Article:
Stefano Comazzetto, Ph.D., is a European Molecular Biology Organization (EMBO) fellow and a postdoctoral researcher in the Morrison lab. At CRI, he is studying blood-forming stem cells and how metabolites regulate blood stem cell function and hematopoiesis.
What are you researching?
I am interested in understanding the mechanisms that regulate the function of blood stem cells, known as hematopoietic stem cells (HSCs). HSCs reside in specialized locations throughout the bone marrow and give rise to the different types of mature blood cells we need throughout life. The self-renewal mechanisms that promote HSC function are often hijacked by cancer cells during the development and progression of cancer. A better understanding of these mechanisms offers the potential for new regenerative medicine and cancer therapies.
We recently discovered that low levels of ascorbate (vitamin C) promote HSC function and collaborate with other mutations in the progression of myeloid leukemias. In light of these results, I am investigating how ascorbate regulates HSC function using a combination of genetics and molecular biology techniques. Given that vitamin C levels in the plasma vary widely in the American population depending on the diet, this project has potentially relevant implications for public health, particularly for cancer patients who often have low levels of vitamin C.
How did you become interested in your field?
Growing up I became interested in science by watching an educational cartoon that described the “life” of cells in the body. I was fascinated by the different cell types present in our blood, which were shown fighting against ‘evil’ bacteria and viruses in the cartoon. During my university years, I was drawn to the field of stem cell biology. I was amazed by how a single stem cell is able to self-renew, perpetuating itself almost indefinitely, and can give rise to so many specialized cells that carry out different functions in our body. It was amazing to me that the transplant of just a few healthy blood stem cells could cure people with severe immunodeficiency. I decided to follow my curiosity and investigate the mechanisms that regulate the ability of blood stem cells to regenerate the entire blood system.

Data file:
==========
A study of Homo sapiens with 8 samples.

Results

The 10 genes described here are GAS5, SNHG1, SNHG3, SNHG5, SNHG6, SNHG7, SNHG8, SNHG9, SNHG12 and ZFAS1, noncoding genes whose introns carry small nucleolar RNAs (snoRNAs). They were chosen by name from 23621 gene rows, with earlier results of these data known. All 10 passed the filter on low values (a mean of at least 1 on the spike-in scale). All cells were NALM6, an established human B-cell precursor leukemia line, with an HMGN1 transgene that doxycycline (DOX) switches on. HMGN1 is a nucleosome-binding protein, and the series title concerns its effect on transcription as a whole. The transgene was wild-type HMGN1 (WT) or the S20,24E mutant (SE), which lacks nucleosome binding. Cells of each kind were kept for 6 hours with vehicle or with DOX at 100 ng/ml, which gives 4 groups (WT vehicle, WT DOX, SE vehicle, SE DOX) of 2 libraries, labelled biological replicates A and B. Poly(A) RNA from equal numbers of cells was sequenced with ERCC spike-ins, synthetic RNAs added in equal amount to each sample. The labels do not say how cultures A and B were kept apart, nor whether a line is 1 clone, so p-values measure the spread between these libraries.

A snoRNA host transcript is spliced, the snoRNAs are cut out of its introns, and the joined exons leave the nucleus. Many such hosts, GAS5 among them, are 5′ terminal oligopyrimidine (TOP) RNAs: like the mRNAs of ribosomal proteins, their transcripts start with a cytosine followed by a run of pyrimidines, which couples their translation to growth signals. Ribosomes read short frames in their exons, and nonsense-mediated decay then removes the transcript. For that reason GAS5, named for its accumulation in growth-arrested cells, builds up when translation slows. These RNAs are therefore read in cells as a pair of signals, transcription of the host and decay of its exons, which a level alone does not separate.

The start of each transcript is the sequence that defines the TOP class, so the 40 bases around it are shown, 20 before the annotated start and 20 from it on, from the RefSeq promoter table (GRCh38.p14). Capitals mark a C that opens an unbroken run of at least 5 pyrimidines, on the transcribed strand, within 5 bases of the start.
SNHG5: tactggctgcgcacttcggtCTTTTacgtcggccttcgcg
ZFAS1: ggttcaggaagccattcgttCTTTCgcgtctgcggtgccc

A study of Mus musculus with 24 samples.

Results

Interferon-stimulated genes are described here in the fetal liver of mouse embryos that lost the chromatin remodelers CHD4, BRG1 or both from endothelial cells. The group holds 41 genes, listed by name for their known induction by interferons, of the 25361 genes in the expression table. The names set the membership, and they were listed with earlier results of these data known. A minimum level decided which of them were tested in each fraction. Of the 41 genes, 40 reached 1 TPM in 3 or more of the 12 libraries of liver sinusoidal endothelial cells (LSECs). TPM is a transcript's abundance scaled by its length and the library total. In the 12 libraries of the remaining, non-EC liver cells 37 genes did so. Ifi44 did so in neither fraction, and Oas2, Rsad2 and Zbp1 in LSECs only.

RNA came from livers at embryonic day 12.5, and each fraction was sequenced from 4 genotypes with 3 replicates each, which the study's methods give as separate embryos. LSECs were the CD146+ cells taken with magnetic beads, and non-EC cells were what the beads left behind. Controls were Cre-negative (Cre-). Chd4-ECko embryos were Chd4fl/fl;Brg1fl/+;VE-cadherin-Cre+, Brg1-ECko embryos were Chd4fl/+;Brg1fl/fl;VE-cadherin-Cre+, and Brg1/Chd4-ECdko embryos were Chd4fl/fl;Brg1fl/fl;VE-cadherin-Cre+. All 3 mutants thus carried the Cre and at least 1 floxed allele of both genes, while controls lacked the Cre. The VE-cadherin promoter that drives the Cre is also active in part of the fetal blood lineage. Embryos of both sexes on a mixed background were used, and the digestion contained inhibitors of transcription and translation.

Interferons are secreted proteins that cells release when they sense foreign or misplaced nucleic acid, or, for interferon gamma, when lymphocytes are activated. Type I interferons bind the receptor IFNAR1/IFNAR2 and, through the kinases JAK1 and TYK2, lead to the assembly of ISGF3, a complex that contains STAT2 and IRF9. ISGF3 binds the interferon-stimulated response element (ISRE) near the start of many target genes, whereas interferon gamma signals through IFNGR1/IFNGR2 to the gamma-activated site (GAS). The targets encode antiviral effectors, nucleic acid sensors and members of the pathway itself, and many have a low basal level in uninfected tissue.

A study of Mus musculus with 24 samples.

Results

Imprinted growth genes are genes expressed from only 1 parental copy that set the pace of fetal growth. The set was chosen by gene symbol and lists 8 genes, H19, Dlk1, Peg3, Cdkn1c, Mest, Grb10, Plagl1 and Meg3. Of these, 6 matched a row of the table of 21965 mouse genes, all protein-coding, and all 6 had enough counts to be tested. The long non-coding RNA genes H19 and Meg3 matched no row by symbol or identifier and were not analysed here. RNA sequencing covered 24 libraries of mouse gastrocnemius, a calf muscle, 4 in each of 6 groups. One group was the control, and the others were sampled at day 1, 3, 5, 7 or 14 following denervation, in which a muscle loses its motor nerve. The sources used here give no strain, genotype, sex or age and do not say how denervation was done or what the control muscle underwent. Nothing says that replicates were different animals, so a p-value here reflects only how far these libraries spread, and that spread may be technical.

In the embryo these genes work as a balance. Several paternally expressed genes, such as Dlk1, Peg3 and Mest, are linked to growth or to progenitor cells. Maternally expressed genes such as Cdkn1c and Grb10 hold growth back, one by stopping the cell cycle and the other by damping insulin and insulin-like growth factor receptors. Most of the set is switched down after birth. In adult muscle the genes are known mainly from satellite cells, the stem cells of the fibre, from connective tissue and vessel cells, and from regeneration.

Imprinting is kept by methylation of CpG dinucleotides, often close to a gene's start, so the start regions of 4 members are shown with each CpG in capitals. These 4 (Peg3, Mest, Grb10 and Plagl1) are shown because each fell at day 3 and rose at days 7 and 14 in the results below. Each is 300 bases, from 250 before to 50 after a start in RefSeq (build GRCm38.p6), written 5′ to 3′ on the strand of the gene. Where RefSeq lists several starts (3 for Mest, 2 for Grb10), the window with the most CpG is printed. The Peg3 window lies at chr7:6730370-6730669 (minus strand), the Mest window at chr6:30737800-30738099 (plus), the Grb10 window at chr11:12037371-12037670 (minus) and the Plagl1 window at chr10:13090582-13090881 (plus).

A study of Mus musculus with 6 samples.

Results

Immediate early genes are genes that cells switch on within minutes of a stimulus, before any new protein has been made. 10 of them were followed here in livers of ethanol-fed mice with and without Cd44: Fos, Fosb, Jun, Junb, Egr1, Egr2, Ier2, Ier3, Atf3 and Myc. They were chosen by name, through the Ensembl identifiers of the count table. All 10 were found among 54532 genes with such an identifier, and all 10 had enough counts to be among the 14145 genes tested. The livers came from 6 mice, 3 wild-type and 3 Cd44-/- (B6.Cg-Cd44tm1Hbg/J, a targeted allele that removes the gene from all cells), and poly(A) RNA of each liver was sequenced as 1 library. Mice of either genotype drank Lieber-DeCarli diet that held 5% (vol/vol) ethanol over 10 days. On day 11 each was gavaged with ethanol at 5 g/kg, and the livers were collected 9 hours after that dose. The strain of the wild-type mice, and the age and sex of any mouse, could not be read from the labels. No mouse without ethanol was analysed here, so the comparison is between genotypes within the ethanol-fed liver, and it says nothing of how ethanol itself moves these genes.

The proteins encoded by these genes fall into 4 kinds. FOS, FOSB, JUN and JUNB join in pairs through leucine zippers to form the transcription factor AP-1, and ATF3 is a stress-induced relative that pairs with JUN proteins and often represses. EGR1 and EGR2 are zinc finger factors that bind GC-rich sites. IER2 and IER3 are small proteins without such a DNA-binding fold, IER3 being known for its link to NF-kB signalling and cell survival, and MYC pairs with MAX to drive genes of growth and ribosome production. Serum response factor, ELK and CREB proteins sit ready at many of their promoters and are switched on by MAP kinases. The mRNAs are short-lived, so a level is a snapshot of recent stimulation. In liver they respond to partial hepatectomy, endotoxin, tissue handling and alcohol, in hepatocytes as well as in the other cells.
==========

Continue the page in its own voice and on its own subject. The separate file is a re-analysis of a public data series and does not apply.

What do you enjoy most about your research?
There are several aspects of research that I enjoy. First, I am excited to study how metabolites we derive from our diet, like vitamin C, can impact the function of blood stem cells. This is a very challenging task, since we need to be able to first measure these metabolites in blood stem cells, which is difficult to do because these cells are so rare! Second, I enjoy that I can combine my knowledge of genetics with my metabolism studies to precisely pinpoint which proteins or genes are affected by changes in levels of distinct metabolites. Last but not least, I enjoy working with my colleagues in the lab and institute. They are all extraordinary and passionate scientists, and I like having scientific discussions and sharing a laugh with them.
What is the most valuable thing you’ve learned from people in your lab?
Teamwork. I believe that scientific discoveries can arise from the intuition or the vision of a single person, but discussing these ideas with your fellow scientists is an invaluable tool to refine them. In addition, teamwork is needed for the generation of the data necessary to support and demonstrate such ideas because science is very multidisciplinary nowadays and every project requires the effort of highly knowledgeable and specialized people.
What do you like to do when you’re not in the lab?
I am a big soccer fan, and have enjoyed playing recreational soccer. I played on a team for several years after moving to Dallas. Unfortunately, I had to stop playing soccer in recent years due to an injury and the pandemic. I still keep active playing tennis, which is another sport I enjoyed playing while growing up.